Mapmakers once referred to the southern Atlantic Ocean as the Ethiopian Ocean

An ostrich walks next to the Atlantic Ocean at South Africa’s Cape of Good Hope.. Few people know that the southern Atlantic Ocean was once referred by mapmakers as the Ethiopian ocean.
An ostrich walks next to the Atlantic Ocean at South Africa’s Cape of Good Hope.. Few people know that the southern Atlantic Ocean was once referred by mapmakers as the Ethiopian ocean.
Image: Reuters/Alex Grimm

It includes what looks like a part of an old map showing the western coastline of Africa, the ocean labelled “Aethiopian Ocean.”

The graphic’s caption adds: “Today’s southern half of the Atlantic Ocean in classical geographical works was known as Aethiopian or Ethiopian Sea or Ocean. The name remained in maps from ancient times until 19th century.” But a comment on the post points out: “Totally great, except Ethiopia is on the other side of the continent!”

And Facebook’s fact-checking system (Instagram belongs to Facebook) has flagged the post as possibly false.

Ethiopia is a country in the Horn of Africa, on the eastern side of the continent. Is it true that the Atlantic Ocean, on Africa’s west coast, was once called the Ethiopian Ocean?

An ancient name

Ethiopia is one of the oldest countries in the world. Its name derives from the ancient Greek “Aethiopia”, which Europeans used to describe various parts of Africa. It is mentioned several times in both the Iliad and the Odyssey, ancient sagas said to be written by Homer more than 2,000 years ago.

In 2014, Princeton University in the US held an exhibition of its library collection of old maps of Africa produced by European mapmakers from 1541 to 1880. The exhibition remains online.

A misshapen 1554 map from the collection doesn’t name any of Africa’s oceans, and roughly labels the western region of today’s Nigeria, Niger, Chad, and Cameroon as “Aethiopia.” (It also says “monoculi”—one-eyed people—live there.)

Related: Why is Central Africa missing from so many maps?

But a map dated 1584, 30 years later, names the ocean to the west of Africa and south of the equator as “Oceanus Aethiopicus”—Latin for “Ethiopian Ocean.” This is today’s South Atlantic Ocean. On the map, the ocean north of the equator is labelled “Oceanus Atlanticus,” the Atlantic Ocean.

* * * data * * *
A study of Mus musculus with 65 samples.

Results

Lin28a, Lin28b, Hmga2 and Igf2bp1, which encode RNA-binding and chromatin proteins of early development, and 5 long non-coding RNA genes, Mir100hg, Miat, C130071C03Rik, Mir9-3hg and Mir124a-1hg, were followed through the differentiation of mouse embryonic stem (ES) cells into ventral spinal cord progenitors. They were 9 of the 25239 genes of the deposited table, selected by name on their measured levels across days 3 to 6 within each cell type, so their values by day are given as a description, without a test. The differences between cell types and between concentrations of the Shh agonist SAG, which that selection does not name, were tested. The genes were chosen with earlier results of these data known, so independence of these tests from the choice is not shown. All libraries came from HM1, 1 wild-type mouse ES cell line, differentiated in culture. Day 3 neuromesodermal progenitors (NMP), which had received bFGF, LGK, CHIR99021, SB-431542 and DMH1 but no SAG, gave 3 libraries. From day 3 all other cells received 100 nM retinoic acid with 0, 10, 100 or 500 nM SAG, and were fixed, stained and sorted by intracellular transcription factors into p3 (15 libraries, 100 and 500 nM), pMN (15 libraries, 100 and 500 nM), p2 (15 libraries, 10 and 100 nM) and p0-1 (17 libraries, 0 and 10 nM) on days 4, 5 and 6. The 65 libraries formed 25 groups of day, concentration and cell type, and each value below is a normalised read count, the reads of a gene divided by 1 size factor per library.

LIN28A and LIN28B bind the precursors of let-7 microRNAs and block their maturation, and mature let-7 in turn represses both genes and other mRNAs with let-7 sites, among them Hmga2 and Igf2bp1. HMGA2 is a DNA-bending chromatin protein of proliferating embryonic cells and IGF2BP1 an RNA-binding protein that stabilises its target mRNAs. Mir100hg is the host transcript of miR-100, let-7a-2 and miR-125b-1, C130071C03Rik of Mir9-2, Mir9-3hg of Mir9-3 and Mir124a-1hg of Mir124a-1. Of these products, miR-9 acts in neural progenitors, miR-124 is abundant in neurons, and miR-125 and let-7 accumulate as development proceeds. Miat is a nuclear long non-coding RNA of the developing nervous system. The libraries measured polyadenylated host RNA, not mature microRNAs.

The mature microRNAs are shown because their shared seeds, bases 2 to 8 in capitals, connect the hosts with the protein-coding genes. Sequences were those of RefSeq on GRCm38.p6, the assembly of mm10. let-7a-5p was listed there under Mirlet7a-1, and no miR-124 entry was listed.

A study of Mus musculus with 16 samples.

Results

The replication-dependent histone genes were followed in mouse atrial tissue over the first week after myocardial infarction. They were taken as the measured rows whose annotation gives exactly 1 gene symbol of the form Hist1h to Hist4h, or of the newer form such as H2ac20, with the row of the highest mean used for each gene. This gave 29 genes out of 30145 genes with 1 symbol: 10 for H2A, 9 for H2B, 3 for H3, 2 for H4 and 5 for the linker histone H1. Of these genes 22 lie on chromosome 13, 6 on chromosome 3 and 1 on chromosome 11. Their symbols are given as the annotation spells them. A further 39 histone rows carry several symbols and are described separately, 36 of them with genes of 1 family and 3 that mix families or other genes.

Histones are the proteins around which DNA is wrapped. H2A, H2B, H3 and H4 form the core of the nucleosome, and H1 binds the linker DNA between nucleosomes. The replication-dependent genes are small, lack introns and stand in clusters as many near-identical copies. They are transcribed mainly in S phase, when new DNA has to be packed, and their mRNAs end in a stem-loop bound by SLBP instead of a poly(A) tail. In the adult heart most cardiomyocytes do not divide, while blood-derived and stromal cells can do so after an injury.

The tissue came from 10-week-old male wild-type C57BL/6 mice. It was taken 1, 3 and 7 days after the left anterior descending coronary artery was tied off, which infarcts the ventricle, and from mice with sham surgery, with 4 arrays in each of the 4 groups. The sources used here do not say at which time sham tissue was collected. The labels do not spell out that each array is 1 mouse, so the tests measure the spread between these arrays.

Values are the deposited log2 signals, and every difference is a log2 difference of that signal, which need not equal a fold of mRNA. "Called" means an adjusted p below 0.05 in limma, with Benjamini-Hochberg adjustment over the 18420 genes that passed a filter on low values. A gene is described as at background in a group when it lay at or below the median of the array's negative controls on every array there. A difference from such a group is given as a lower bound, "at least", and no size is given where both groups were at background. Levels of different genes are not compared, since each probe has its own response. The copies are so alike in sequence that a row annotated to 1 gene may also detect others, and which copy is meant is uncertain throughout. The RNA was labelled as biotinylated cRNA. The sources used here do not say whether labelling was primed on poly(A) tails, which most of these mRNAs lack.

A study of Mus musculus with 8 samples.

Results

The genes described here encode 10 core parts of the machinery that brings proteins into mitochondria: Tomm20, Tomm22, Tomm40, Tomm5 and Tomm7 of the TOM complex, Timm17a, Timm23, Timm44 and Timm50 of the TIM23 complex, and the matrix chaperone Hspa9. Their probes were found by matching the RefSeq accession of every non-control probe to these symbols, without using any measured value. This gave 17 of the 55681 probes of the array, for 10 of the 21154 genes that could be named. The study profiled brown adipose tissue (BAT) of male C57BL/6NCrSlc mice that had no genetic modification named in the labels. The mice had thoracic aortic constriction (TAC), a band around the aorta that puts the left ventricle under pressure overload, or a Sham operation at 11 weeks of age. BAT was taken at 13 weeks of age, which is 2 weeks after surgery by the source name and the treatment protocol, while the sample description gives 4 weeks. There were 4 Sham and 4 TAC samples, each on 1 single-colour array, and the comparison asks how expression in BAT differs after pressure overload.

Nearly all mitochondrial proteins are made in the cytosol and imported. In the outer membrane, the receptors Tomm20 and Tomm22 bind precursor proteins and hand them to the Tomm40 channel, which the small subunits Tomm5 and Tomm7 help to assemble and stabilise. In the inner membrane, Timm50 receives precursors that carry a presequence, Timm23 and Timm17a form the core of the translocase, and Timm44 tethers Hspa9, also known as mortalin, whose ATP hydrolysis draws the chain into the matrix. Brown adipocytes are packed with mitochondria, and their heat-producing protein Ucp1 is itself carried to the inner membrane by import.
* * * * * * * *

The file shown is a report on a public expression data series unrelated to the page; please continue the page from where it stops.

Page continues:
The next map in the online Princeton collection is from 1644. Again, the Ethiopian Ocean is west of Africa and south of the equator. The waters north of the equator are named “Mare Atlanticum”—the Atlantic Sea. A sea is generally understood to be smaller than an ocean.

The Ethiopian Ocean starts to disappear in a map dated 1710. Here, the coastal region from Africa’s western bulge to its southern tip is the “Ethiopian Sea.” Everything west of that, north and south of the equator to a coastline identified as “part of Brasil,” is the Atlantic Ocean.

Related: Africa as you’ve probably never seen it before, courtesy of NASA

On the map, almost all of central Africa—but not today’s Ethiopia—is labeled: “ETHIOPIA this Country is wholly Unknown to the EUROPEANS”.

The Ethiopian Ocean does not appear in any of the later maps in the Princeton collection, which date from 1737 to 1880. A slight exception is a French map from 1787, which labels the ocean south of Africa as “Ocean Meridion ou Ethiopien” – the Meridian or Ethiopian Ocean.

The collection is just a sample of the many old European maps of Africa, so it’s not evidence that the name did not persist on other maps until the 19th century, or 1800s. But it does show that at least the southern part of the Atlantic Ocean was once known as the Ethiopian Ocean.

This report was written by Africa Check, a non-partisan fact-checking organization. View the original piece on their website.